Entering the 21st Century: World Development Report 1999/2000

    World Development Report, World Bank, 1999
    Localization—the growing economic and political power of cities, provinces, and other sub-national entities—will be one of the most important new trends in the 21st century.
  • Document

    Can China feed itself?: A System for Evaluation of Policy Options

    International Institute for Applied Systems Analysis, 1999
    Decision-support application for planners and policymakers.
  • Document

    The Potential Effects of International Carbon Emissions Permit Trading Under the Kyoto Protocol

    Research School of Pacific and Asian Studies, Australia, 1998
    Estimates the potential economic effects of the Kyoto Protocol, using the G-Cubed multi-region, multi-sector intertemporal general equilibrium model of the world economy.
  • Document

    Rates and Processes of Amazon Deforestation

    Environmental and Societal Impacts Group, 1997
  • Document

    The Regional Water Balance Statement: a new tool for water resources planning

    School of Oriental and African Studies, University of London, 1999
    It is widely accepted that the effective planning of water resources becomes more urgent with each passing year. Some would argue that this need is driven by the increasing size and density of human populations at the catchment and urban scale. Others point out that exponential growth in economic output and consumption produces ever higher volumes of waste water.
  • Document

    Who owes who?: Climate change, debt, equity and survival

    Christian Aid, 1999
    What is debt? Rich countries pursue highly indebted poor countries to service their foreign financial debts, at great cost to the millions who subsequently go without vital health and education services. But industrialised countries are themselves responsible for a much larger debt to the global community.
  • Document

    Who governs the global environment?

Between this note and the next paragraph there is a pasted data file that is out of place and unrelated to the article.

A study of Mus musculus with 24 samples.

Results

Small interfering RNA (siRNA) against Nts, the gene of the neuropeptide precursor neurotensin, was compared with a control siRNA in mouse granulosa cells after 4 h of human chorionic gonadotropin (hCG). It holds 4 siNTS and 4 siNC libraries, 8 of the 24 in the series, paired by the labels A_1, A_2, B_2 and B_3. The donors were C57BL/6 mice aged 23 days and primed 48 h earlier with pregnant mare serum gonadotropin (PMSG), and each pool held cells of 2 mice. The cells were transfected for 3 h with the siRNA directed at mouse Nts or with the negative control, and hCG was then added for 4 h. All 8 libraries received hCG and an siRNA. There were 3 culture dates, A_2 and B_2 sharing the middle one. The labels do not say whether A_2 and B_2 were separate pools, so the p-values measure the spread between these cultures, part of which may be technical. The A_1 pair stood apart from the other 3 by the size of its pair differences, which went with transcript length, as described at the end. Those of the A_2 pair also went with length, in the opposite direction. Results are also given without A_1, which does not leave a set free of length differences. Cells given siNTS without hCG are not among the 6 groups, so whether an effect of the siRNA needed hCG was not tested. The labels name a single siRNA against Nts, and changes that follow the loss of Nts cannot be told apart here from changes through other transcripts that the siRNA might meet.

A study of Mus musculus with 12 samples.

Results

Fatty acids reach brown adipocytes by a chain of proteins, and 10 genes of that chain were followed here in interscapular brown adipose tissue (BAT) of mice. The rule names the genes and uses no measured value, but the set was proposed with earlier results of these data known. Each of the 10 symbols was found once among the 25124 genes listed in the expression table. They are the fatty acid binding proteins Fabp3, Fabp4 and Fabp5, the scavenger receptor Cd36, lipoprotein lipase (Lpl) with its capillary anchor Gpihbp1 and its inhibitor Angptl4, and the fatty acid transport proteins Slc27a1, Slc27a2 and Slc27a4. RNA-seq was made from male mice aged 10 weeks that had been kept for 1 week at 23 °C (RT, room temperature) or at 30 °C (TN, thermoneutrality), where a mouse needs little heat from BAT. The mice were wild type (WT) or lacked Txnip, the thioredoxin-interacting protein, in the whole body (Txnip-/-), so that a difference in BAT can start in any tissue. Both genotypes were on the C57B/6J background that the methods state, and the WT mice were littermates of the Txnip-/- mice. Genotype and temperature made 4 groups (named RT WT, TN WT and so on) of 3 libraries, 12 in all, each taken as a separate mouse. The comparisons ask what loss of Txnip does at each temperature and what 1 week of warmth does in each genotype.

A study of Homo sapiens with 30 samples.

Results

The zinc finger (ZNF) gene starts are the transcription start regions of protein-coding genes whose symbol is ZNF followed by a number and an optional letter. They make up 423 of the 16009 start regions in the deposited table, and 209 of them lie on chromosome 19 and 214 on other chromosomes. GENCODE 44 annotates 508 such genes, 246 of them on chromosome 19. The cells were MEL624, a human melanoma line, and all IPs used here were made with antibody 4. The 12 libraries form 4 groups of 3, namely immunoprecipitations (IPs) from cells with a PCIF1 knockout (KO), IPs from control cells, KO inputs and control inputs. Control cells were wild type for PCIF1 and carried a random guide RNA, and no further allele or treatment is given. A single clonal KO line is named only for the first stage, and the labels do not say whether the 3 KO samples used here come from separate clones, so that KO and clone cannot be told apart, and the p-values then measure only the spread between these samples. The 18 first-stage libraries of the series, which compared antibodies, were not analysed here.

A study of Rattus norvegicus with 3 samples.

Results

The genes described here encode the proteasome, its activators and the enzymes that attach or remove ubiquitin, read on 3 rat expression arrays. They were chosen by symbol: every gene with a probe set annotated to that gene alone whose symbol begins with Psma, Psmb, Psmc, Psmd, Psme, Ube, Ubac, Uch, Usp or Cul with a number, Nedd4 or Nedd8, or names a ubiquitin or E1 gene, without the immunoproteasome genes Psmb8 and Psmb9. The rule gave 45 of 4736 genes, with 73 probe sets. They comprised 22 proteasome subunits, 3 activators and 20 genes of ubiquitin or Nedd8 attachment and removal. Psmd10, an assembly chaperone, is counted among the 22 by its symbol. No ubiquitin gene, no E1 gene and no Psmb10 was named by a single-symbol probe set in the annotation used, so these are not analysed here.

Climate Change and Disasters Group, Institute of Development Studies, Sussex, UK, 2000
    Planet-wide environmental problems like climate change and depletion of the ozone layer first became common knowledge and mainstream political concerns in the early 1990's, partly through the public and media debates surrounding the Earth Summit. Many assumed that solutions would mainly be up to governments co-operating at international level.
  • Document

    Environmental change and human health in countries of Africa, the Caribbean and the Pacific (ACP)

    Stockholm Environment Institute, 1999
    Aims to first briefly describe the broad global, economic, political, social, institutional context in which ACP countries currently find themselves. Describes the health status and key health threats in ACP countries in an environmental context and reviews environmental developments in the region and the ways in which they are influencing health.
  • Document

    Special report on land use, land use change and forestry: summary for policymakers [climate change]

    Intergovernmental Panel on Climate Change, 2000
    Reviews the current understanding of the relationship between land use (especially forestry), carbon dioxide emissions and the Kyoto Protocol agreementsTopics cover: how the global carbon cycle operates, and how this relates to forestry activitiesaccounting rulescomparison of the usefulness of models and ground-based assessments of changes in carbon stocksshort term prospect
  • Document

    Climate Change: post Kyoto perspectives from the South (Chapter 4)

    Tata Energy Research Institute, India, 1998
    The Kyoto Protocol has been hailed as providing a major breakthrough in climate change negotiations. However, some questions do arise:What are some of its major achievements?How does the developing world view this?This publication attempts to answer these questions and assesses the post-Kyoto developments from the perspective of developing countries.